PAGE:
State budget crisis hits education

Posted: December 19, 2009 8:02 p.m.
Updated: December 20, 2009 4:55 a.m.

Photography student Jessica Castillo, 18, walks through a Hunchback of Notre Dame art exhibit at the California Arts Institute Thursday afternoon on January 15.

 
Editor’s note: This is first in a 12-part series taking a look at 2009 news in the Santa Clarita Valley.

Even in the first month of 2009, concerns over state budget cuts forced local colleges and school districts into a precarious financial position.

College of the Canyons and the Master’s College were forced to cut programs and staff. The Saugus and Newhall School Districts considered hiring freezes and increasing class sizes to save staff jobs.  

Students also felt the pinch of California’s budget woes. To save thousands of dollars on their books, COC students started renting textbooks and flooded new classes offering professional work experience.

The basketball court was also ripe with stories in January.

Canyon and Hart high schools’ girls basketball teams had to dismiss a coach and three players over two days after officials discovered both schools had players living in different districts playing on their teams.

Some stories were more disturbing.

Hackers tormented a 17-year old special education student from Valencia High School by posting violent and pornographic pictures on his YouTube page for more than three weeks. Santa Clarita Valley Sheriff’s Deputies filed a criminal complaint with the district attorney on Jan. 16 and the student had to stop using his YouTube account.

Master’s College cuts staff
Jan. 7 — Master’s College officials announced they were forced to let go of nine staff members to save financial aid programs for students. The cuts were also necessary to keep the cost of enrollment from skyrocketing, officials said at the time. About 80 percent of Master’s College students receive some form of financial aid.
“We’re working with students to make education affordable,” the college’s senior vice president Mark Tatlock said at the time.

Hart School District sued   
Jan. 8 — Willam S. Hart School district was sued by a family whose son said he was molested by former counselor Roselyn Hubbell. The lawsuit says Hubbell had a sexual relationship with the student and coerced him into smoking marijuana.  Hubbell was arrested in June after authorities caught her checking into a hotel room with a male student. In April, Hubbell plead ‘no contest’ to one count of misdemeanor molestation. She was forced to register as a sex offender and serve probation.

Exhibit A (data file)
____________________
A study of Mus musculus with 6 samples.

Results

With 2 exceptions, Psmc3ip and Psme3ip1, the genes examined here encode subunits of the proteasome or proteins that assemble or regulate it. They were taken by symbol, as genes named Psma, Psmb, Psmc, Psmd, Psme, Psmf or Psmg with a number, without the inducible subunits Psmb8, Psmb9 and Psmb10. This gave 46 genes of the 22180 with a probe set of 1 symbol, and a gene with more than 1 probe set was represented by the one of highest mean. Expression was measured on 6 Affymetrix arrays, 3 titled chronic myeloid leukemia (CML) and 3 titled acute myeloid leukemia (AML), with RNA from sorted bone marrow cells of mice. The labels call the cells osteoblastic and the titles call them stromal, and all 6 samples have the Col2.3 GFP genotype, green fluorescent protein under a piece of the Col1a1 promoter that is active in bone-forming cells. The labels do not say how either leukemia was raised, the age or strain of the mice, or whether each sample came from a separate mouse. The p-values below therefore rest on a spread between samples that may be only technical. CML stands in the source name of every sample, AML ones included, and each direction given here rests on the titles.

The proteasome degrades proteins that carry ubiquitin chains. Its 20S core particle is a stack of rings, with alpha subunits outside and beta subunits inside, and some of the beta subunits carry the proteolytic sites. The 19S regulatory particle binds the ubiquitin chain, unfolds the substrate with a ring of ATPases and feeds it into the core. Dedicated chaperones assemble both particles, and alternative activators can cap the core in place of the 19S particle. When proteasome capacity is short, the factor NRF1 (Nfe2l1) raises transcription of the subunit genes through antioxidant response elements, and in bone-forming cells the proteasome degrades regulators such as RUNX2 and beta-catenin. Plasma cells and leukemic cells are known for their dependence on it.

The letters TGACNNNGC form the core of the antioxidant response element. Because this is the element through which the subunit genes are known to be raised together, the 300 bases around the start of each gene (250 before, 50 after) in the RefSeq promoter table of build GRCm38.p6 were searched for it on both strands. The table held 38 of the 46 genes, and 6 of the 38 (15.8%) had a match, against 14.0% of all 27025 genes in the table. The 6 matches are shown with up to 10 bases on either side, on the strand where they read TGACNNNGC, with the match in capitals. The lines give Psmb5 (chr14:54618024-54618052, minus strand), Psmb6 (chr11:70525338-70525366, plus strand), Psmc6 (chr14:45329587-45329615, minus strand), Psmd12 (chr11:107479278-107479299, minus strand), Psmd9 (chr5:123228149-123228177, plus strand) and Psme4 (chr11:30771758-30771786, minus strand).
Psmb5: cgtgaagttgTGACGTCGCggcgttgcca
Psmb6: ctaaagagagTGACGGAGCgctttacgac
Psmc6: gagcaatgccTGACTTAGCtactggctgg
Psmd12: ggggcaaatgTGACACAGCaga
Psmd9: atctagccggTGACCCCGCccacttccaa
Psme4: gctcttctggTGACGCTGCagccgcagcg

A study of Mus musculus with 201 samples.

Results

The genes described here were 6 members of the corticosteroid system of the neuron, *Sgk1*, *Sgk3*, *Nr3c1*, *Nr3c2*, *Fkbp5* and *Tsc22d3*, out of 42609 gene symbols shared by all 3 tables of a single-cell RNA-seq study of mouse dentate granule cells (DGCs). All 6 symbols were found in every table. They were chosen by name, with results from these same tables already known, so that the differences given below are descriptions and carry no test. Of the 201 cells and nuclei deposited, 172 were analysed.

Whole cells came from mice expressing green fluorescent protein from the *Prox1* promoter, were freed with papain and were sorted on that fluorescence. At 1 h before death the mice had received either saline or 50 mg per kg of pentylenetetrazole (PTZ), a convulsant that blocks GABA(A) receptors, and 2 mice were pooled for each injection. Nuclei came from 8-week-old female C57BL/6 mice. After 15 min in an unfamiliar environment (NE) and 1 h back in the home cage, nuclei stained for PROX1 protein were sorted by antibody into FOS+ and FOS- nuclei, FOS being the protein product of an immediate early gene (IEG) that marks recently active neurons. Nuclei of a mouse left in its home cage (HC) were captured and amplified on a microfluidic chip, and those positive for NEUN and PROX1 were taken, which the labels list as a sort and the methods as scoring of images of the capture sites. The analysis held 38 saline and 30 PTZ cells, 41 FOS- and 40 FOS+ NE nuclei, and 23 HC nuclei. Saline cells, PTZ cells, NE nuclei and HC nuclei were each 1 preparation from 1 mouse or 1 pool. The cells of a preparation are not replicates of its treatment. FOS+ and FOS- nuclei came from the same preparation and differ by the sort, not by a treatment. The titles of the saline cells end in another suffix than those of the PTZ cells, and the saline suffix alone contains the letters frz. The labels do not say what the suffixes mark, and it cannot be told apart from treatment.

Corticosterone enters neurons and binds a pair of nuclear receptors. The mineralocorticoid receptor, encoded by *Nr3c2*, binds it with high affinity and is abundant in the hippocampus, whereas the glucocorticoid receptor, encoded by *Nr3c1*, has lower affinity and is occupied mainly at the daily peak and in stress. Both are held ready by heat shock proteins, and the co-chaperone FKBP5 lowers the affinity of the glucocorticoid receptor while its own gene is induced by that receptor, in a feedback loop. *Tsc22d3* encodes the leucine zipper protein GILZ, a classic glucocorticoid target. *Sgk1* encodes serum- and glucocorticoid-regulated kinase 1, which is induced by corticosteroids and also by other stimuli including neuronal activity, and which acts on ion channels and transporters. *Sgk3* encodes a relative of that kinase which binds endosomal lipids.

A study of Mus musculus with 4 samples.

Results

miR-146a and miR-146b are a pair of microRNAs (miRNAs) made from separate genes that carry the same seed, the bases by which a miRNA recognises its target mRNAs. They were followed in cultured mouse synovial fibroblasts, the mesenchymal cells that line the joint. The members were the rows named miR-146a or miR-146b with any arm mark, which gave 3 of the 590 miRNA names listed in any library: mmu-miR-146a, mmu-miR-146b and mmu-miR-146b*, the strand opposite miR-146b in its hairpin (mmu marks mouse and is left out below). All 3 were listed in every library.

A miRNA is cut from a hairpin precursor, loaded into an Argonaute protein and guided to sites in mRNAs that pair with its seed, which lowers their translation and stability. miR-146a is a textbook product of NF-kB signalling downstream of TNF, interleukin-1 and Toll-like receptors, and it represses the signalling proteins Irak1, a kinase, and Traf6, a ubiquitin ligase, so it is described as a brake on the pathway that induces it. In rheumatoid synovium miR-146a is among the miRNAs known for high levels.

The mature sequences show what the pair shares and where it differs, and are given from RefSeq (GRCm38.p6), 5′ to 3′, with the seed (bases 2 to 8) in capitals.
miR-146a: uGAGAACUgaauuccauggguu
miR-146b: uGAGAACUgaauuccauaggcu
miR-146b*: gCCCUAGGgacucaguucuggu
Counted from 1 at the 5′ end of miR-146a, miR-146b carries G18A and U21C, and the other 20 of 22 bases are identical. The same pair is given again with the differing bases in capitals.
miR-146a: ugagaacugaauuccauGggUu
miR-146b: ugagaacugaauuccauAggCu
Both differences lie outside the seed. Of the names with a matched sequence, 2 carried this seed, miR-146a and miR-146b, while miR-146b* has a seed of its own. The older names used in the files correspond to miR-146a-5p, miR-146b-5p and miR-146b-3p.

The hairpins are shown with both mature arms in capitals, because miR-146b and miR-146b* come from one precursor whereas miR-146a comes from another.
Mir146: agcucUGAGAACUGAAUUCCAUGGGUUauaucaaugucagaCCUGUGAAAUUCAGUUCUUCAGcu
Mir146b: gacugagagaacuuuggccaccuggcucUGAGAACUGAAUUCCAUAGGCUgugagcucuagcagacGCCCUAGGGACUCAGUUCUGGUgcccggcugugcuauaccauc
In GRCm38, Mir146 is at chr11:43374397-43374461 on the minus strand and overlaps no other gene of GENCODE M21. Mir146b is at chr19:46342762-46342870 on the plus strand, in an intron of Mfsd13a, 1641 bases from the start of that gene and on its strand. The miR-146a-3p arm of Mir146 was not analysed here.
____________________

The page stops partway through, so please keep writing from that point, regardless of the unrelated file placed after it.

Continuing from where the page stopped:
Teacher layoffs considered
Jan. 11 — Faced with losing almost $30 million in state funding over the next three years, William S. Hart Union School District officials said they were considering increasing class sizes and eliminating teachers, staff and other programs.   
“The kind of cuts the state is going to require will force us to consider the prospect of cutting teacher positions and increasing class sizes,” district superintendent Jaime Castellanos said at the time.

Night classes start filling up
The news wasn’t all dire that day. People fed up with their current job prospects started filling up night classes at COC. In 2008 night class enrollment jumped 20 percent as older students decided to go back to school.

Arts commission created
Jan. 13 — The City Council approved creating an arts commission by a 3-2 vote. The council was divided over whether money and resources should be dedicated to the commission during a city hiring freeze. Commission members were sworn in at their first meeting last week.

Jazz festival canceled
Also, COC canceled its annual R.K. Downs Jazz Festival. Budget cuts forced officials to pull the plug on the event that had been a fixture for the school’s jazz program for over 30 years.

The festival invites local high school bands to play with COC musicians for family and friends. The festival will be coming back next year; it’s scheduled for Feb. 27.

Basketball coach resigns
Jan. 15 — Canyon High’s girls basketball team was forced to forfeit 11 wins after it was discovered that two players falsified their residency records in order to play for the school.
Coach Stan Delus resigned and the two girls transferred to different schools within the district.

Basketball player transfers
Jan. 16 —  A senior on Hart High School’s girls basketball team was forced to transfer after telling her coach that she didn’t live in Santa Clarita. She told her coach because school officials were about to check players’ residency records.  

Students rent textbooks
Jan. 22 — COC set up a rental system for textbooks to save students money. On average, students were paying nearly $1,000 for books each semester — costing about three times more than their course fees. Renting books reduces the students’ cost by about 25 percent, saving them hundreds of dollars per book, officials said at the time.